Graph of Cost and Benefit with Push Pin near benefit

Are you looking for ways to demonstrate your impact to your administration? This is Part 1 in a 3 part series on demonstrating your impact.

The NN/LM MidContinental Region (MCR) has created three online tools that can be used to enable a library to put actual figures to their importance within an organization http://nnlm.gov/mcr/evaluation/tools.html.

CBA/ROI Calculator: Sometimes it’s a good idea to speak the language of the administration. Cost/Benefit Analysis (CBA) and Return on Investment (ROI) are measures used by financial managers to indicate if their money is going in the right place.  In a cost/benefit analysis, the goal is to show how much benefit the organization receives for the cost of the library.  For a cost/benefit analysis, the result is actually a number: the benefit to cost ratio.  If $50 was spent and the benefits to the organization could be seen as worth $25, then the benefit/cost ratio would be $25/$50 or 1/2 (50 cents of benefit for every $1 spent). This would obviously not look good for your library.  However, if you could show that for the $50 that was spent, the benefit to the organization could be valued at $150, then the benefit/cost ratio is $150/$50, or $3 of benefit for every $1 spent.  This could make your library look like a real asset!

Return on Investment is a very similar concept.  In order to get the final percentage, the benefit of an investment (minus the original cost) is divided by the cost of the investment.  So using the figures from the second case above, if $50 had been spent and a $150 benefit was achieved, $50 is subtracted from $150 to show a total return of $100.  Then dividing that by the original investment ($100/$50), equals 2.00 or 200%.  A 200% return on investment would make your library look very good!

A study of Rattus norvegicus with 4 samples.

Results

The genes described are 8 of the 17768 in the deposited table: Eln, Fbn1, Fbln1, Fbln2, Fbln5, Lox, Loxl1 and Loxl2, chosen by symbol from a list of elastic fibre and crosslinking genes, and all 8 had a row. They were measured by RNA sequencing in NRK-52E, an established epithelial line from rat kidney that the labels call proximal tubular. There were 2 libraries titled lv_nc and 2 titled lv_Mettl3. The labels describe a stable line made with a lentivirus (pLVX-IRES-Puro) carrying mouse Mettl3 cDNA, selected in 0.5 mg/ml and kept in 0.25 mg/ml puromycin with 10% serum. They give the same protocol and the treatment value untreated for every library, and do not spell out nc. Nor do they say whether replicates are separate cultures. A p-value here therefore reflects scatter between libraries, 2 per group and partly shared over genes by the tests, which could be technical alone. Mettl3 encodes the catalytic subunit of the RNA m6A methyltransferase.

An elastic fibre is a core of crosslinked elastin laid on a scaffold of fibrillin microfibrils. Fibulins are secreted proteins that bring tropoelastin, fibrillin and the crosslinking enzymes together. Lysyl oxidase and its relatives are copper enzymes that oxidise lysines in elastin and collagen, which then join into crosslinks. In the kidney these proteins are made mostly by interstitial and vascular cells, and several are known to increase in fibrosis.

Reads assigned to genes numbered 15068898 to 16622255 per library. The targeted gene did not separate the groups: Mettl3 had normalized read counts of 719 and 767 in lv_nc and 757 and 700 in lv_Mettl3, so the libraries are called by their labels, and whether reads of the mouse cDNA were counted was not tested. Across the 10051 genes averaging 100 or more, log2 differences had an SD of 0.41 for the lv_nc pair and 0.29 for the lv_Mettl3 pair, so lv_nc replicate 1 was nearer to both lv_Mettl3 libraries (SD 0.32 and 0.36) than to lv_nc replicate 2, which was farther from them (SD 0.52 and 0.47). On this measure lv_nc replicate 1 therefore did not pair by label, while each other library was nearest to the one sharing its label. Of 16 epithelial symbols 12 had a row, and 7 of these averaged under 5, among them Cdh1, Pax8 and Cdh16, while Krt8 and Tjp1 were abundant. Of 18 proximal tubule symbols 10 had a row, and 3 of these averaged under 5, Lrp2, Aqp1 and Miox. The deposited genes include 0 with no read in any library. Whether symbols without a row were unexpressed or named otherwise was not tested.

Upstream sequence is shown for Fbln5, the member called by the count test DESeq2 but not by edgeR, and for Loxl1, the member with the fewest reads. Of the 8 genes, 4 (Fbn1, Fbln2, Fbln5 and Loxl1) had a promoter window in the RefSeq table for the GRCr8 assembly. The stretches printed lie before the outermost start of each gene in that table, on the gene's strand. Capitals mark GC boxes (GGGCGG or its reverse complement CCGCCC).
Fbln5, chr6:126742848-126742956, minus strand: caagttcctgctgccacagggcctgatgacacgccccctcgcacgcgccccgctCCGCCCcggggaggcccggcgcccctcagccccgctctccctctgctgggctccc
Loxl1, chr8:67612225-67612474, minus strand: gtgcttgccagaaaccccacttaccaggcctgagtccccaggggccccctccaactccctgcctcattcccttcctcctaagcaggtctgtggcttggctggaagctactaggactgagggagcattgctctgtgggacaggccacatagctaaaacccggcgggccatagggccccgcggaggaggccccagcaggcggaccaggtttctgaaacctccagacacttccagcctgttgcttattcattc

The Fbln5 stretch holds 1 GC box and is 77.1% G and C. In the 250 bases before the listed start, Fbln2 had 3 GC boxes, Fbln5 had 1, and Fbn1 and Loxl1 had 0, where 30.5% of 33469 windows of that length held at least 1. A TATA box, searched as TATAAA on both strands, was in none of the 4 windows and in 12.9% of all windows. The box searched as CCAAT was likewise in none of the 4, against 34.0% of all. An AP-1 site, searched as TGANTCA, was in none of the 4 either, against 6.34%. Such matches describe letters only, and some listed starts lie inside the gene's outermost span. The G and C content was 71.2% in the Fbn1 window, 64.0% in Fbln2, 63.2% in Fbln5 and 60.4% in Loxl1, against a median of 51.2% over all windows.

“How can I apply this to my library” you might ask?  The CBA/ROI Calculator from the MidContinental Region does most of the work for you.  You simply fill in the blanks with the cost of books, cost of staff time, time saved, etc., and the final costs, benefits and ratios are determined at the bottom.

Database ROI Calculator: The calculator above is mostly designed for the books in your library’s collection.  The MCR also provides a CBA/ROI calculator for databases.  Getting statistics for databases can be a little more difficult than for other library services. Databases are often bundled with other products, and vendors define use statistics in multiple ways that make if difficult to compare across databases.  Nevertheless, the MidContinental Region has some helpful tips for deciding which statistics to enter.

Valuing Library Services Calculator: Isn’t this what we all want – to explain that our library services have a financial value to the organization?  Using this calculator, you can assign a dollar amount to the services you supply based on their retail value.  You type in the number of times a particular service is used, and the calculator multiplies it by the retail value of that service. And at the bottom, it sums up your library’s total retail value.

The MCR is gathering data for advocacy purposes. If you would like your data included, be sure to fill out the form completely including the CAPTCHA box, and hit “submit data.” Librarians everywhere will appreciate your thoughtfulness.

Stay tuned for Part II – Collecting Stories.